Health care reform: Don’t pop the champagne corks yet
President Obama, Democrats and health care reform supporters are giddy today over the House passing its version of reform late last night. It is certainly a big step in the right direction – a bigger one than any administration and Congress has taken since Lyndon Johnson created Medicare in the 1960s.
But I would caution those supporters to not get too giddy. Because there are still several mountains left to climb before this is a done deal.
The next one is in the Senate, which has yet to pass its own version. On paper, this shouldn’t be a problem – the Dems and those caucusing with them control 60 seats and have the Vice President – more than enough to get a simple majority. In practice, however, it’s not nearly that simple.
Senate debate rules require 60 votes to “invoke cloture,” or stop debate and bring a bill to an up-or-down vote. So Majority Leader Harry Reid actually needs 60 votes to get this done. And there are a number of Democratic caucus members who represent conservative constituencies (or are just in the pockets of the insurance companies) who will be a tough sell to get on board with a public option – one of the most critical parts of any real healthcare reform, in my opinion. This group includes Ben Nelson (Nebraska), Blanche Lincoln (Arkansas), Mary Landrieu (Louisiana), Evan Bayh (Indiana) and Joe Lieberman (Connecticut). Lincoln and Bayh are both up for re-election next year. But Lieberman could be an even bigger fly in the ointment – he represents a rather liberal state (which went for Obama by 20 points last year) and votes with the Dems on most social issues. But he voted for the Iraq War and campaigned for Republican John McCain against Obama last year, even speaking at the Republican National Convention.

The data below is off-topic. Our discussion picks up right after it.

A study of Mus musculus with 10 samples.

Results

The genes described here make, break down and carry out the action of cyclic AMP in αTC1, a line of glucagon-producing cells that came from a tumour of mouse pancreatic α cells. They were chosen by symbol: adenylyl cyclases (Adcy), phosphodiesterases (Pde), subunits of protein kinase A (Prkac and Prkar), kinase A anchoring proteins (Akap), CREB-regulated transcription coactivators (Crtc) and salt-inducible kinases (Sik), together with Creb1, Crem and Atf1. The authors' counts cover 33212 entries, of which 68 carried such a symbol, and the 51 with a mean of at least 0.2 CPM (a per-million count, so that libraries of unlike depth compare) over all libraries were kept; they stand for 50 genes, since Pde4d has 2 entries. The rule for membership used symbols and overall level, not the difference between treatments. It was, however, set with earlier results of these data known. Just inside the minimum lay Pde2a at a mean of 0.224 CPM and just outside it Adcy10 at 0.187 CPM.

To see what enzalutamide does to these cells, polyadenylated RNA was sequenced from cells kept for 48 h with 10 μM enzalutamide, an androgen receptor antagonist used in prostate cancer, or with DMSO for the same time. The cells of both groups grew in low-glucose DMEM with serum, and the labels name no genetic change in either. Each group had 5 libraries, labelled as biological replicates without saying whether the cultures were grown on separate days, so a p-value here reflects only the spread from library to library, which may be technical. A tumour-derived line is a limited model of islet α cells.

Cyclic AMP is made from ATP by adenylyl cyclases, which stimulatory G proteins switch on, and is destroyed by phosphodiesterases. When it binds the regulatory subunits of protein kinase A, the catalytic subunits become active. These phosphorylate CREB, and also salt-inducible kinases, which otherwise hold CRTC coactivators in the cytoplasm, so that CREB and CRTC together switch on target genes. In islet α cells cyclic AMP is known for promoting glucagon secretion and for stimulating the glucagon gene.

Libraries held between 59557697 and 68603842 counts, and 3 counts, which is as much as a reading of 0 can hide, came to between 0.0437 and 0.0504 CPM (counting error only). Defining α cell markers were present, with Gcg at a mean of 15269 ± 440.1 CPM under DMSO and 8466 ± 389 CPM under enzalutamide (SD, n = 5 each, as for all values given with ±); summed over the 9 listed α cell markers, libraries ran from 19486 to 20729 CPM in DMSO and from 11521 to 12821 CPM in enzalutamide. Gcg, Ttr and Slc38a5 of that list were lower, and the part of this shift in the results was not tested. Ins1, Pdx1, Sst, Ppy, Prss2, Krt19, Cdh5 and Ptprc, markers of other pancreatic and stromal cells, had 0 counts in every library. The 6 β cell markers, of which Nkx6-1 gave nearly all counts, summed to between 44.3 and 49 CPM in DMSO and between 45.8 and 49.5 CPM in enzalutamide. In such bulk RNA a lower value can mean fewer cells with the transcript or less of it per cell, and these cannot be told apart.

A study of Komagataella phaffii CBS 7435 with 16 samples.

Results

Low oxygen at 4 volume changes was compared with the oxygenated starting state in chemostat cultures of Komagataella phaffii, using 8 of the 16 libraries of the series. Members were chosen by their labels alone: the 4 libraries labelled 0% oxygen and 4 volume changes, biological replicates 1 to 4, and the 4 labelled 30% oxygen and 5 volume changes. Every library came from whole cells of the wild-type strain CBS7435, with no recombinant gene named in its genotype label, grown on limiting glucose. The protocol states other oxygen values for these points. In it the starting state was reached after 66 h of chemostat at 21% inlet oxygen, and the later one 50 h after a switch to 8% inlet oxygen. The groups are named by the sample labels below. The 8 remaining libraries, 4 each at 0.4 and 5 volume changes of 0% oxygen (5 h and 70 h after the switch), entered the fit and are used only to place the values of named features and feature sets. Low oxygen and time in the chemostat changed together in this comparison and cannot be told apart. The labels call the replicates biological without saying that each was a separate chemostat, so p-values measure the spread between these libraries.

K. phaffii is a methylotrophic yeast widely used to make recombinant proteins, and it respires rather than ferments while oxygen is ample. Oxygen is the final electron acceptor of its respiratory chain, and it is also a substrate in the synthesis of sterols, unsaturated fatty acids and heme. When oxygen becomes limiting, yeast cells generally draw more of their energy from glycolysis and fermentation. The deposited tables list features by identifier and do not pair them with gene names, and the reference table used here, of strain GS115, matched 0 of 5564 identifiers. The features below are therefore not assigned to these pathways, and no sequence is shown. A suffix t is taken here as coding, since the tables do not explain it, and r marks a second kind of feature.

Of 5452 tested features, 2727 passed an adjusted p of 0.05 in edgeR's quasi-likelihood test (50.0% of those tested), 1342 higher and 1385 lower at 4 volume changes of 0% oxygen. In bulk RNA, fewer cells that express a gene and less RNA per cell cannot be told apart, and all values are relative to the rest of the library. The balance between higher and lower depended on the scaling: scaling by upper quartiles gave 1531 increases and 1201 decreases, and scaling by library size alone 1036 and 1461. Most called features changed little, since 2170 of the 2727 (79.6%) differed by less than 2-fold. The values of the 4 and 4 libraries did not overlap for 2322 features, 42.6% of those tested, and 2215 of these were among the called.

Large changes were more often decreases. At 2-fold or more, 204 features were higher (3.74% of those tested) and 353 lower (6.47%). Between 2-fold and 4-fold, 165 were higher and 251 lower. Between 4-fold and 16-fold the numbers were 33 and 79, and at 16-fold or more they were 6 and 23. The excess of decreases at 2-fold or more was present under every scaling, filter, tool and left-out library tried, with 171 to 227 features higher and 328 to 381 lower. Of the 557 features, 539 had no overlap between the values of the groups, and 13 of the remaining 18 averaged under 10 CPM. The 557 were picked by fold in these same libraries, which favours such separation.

Reid could get around cloture rules by trying to pass the Senate’s version through budget reconcilliation, where he would need only 50 votes plus Vice President Biden. But this move would require the spending authorization to be renewed after 5 years. If the Republicans were to regain control of the Senate by that point, you know what would happen then.
The bill has already been delayed in the Senate and now may not even get passed this year, breaking President Obama’s second deadline. And if the debate goes into next year, moderate and conservative Democrats who are up for re-election in otherwise Republican districts or states are going to be even more reluctant to get on board.
Even if the Senate passes its version, it will have to be merged with the House version in conference committee. Both chambers will then have to pass the final combined version before President Obama can sign it. Same rules and obstacles will still apply.
So be happy with this step forward. But don’t pop the champagne corks just yet.